Why I love the 519

There aren’t a lot of spaces anymore that are beautiful and are for everyone. Museums and public galleries have strict entry fees; hotel lobbies, upscale bars, private art spaces and corporate buildings enforce the demographic of those in attendance with sideward glances and the expectation to purchase expensive goods. Community spaces that are safe for people who are poor, transient, or just want to be left alone and not buy things are usually limited to unkempt parks, libraries and rec centres with stiff post-70s architecture, little air conditioning and a strict minimum paid of attention to the aesthetic.

The 519 Community Centre on Church Street, in Toronto’s gay village, defies all those expectations.

This community centre, featured within a hitoric building, combines elements of old and new architecture with classic dark wood tables, leather chairs, and modern interior design. Contemporary art donated by Salah Bacir hangs on the walls, and potted flowers stand in a row, getting light from big bay windows.

Today, I fell asleep on the sofa while transcribing some notes. I—along with an equally dozy gentleman beside me, reading a book about gender norms—was gently woken up by the front manager. She laughed and explained that normally, when snoring came from the sofas, it was from people outside who had drank a bit too much in the park. They, just like we, were welcome here, to rest and refocus without too much harassment or judgement.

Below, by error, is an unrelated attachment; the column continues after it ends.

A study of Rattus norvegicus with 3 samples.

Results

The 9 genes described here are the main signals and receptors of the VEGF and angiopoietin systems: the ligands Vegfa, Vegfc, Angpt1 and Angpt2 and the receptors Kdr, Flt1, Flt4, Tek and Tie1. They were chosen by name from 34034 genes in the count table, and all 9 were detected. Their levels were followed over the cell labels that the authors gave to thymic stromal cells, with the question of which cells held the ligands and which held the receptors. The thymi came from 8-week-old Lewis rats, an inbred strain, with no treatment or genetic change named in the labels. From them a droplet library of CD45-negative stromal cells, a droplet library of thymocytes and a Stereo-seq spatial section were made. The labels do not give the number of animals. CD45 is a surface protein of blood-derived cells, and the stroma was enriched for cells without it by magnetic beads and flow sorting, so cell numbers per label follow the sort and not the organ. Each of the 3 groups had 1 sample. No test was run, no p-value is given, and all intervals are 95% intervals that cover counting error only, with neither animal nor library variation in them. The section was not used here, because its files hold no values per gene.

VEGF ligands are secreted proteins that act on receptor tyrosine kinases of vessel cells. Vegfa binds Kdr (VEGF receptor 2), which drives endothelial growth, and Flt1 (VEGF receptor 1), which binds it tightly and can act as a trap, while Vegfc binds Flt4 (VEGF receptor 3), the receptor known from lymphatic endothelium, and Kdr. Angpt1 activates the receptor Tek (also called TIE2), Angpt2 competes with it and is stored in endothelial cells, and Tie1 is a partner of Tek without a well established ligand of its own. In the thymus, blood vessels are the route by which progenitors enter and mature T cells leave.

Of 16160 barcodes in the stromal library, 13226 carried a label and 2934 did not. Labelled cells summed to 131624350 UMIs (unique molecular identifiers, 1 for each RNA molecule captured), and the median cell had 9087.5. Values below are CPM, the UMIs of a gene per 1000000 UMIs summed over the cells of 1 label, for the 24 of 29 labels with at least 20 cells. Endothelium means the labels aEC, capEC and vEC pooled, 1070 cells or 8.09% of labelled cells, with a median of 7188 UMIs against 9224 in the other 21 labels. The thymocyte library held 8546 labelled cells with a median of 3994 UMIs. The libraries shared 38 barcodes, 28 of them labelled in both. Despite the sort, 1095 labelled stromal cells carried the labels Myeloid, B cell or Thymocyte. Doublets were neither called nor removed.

Places this gorgeous are not normally available for everyone. We’re so focused on service delivery and on problem solving that we’ve lost our understanding of the importance of the aesthetic. In a world where our success is measured by our contribution to capital, it’s freeing to be able to rest somewhere with brick interior and a wrought-iron staircase without feeling either guilt or fear. Our lives are constantly defined by making ourselves useful, working our asses off until we’ve earned the privilege of luxury or celebration, but in truly gay style, the big windows and granite countertops of this building say “fuck that—life’s enjoyment is our entitlement.”

Within these walls, I know we can take luxury back.